I never thought I would like an MMORPG.
Growing up, I watched friends play Everquest, World of Warcraft, and even Second Life with only a minor interest. Sim City, The Incredible Machine, and Myst were more up my alley as far as computer gaming. When I went to college, a laptop was my key study tool, ironically (Facebook arrived in 2004, the year I started school, and thank God, at that point Facebook was still incredibly boring and Wikipedia was not yet to be trusted). Games were on consoles, and computers were for writing papers. I didn't get the whole computer gaming thing as a whole until Elder Scrolls Online.
At first, when I saw Marc playing Elder Scrolls Online, I watched his steel-plated avatar hustle across the landscape and thought: "This sorta looks fun, but it is not for me." Suddenly, a player rode by on a giant tiger with a pet dragon following close behind. "Actually this IS for me," I said "I, too, want to ride a giant tiger and have a cool dragon!" We signed me up for an account and the rest is history. I've been playing Elder Scrolls with Marc for about a year now, It's been a fun way for us to play games together, but not necessarily fight against each other.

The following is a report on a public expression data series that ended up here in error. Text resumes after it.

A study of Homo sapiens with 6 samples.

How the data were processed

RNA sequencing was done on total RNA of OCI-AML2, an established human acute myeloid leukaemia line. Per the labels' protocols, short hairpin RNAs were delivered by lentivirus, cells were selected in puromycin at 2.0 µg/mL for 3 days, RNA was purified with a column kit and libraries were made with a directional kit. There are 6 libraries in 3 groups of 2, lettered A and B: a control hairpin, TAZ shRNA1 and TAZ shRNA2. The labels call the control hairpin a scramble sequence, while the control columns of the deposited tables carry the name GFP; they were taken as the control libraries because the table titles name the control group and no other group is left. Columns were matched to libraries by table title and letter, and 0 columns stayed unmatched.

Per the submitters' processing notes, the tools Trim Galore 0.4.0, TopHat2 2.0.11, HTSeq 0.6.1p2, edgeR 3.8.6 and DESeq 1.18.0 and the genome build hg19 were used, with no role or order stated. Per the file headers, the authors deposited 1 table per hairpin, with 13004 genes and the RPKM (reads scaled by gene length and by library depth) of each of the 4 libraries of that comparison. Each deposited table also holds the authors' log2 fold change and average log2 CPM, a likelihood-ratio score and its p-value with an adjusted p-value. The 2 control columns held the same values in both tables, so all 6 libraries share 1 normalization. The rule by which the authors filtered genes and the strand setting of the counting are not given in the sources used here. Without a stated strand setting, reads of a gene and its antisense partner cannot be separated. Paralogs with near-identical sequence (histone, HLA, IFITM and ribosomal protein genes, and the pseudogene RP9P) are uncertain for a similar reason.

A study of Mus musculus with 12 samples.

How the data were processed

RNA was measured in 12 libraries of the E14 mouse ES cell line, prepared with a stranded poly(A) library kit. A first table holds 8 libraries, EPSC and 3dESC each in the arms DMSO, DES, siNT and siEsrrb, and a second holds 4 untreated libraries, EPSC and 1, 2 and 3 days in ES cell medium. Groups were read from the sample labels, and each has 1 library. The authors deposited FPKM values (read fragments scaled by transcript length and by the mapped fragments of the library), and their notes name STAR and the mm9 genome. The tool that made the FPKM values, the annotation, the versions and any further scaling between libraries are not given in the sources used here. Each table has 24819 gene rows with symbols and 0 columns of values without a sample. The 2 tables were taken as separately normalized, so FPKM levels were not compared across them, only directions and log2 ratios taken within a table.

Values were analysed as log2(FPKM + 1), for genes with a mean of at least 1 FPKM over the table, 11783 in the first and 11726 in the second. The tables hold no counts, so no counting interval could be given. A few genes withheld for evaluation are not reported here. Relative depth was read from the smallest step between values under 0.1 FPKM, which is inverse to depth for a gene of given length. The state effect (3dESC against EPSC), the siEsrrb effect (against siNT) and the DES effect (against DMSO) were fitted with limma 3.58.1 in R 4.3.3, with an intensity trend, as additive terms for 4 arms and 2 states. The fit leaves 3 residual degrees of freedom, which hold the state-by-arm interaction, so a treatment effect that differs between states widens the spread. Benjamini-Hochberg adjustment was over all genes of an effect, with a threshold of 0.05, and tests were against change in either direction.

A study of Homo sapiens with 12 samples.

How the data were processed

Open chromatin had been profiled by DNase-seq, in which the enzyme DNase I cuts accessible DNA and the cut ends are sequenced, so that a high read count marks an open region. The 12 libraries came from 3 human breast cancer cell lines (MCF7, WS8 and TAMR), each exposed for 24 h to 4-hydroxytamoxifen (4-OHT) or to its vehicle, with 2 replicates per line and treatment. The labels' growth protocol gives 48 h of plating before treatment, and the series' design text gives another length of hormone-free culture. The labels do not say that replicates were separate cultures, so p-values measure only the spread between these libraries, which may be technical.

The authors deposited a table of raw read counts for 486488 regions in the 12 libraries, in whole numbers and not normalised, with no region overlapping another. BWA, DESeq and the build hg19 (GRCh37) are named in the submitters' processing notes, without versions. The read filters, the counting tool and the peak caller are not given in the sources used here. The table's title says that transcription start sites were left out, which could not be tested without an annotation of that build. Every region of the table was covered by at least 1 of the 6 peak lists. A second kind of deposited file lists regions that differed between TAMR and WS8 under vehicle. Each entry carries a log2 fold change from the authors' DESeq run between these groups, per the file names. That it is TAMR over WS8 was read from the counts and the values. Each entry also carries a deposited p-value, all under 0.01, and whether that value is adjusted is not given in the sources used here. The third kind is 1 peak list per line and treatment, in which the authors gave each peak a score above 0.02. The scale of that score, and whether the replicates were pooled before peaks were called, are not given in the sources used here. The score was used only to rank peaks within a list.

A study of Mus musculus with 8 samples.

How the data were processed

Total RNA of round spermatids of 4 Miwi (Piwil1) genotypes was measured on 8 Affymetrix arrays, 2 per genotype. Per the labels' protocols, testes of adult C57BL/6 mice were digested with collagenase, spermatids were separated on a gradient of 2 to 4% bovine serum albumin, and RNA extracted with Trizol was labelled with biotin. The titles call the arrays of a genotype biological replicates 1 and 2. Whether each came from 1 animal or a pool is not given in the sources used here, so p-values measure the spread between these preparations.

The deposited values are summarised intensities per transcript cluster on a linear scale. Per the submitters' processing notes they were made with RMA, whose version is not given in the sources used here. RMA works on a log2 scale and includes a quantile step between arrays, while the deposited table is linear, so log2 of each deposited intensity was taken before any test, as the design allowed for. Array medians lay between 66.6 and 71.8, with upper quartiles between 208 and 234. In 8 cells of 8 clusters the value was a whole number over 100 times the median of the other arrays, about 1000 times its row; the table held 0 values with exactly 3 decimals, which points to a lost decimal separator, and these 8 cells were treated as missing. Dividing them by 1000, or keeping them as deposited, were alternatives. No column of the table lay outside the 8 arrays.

As much as I like Elder Scrolls Online, fortunately I don't think I am at the point where I am needing MMORPG detox - I still get outside a bunch, and like with all games I struggle to find time to play ESO. When I do find time, it is a fun escape.
What is cool about Elder Scrolls Online is you can use it for character art resourcing. Yes... that is right ... I found a way to take a game and use it for artistic purposes!
Sometimes when I need to draw a comicbook character at a tough angle, I start up Elder Scrolls Online and position the camera above one of my avatars.
As strange as this sounds, it is far easier than searching on Google for the perfect reference photo and finding piles of weird and depressing stock art.
I've also learned a bit about landscape artistry from Elder Scrolls. Since I am an artist who is much better at illustrating people, things, and animals than landscapes, it takes tons of extra work for me to make landscapes be interesting.
While traipsing through Morrowind and Rivenspire, I thought about how hard it would be to be an Elder Scrolls Online landscape artist, and how you would have to make the landscape interesting and believable from all angles.
Heck - this goes for any game. Painters are lucky because they just have to make one angle of their media look good (usually). Not every landscape screencapture in ESO is a winner, but, there are interesting ideas afoot with grass, rock forms, tree variation, and clouds.
This video game is lifelike in that if you slow down and take time to smell the roses, you start to see some really interesting things.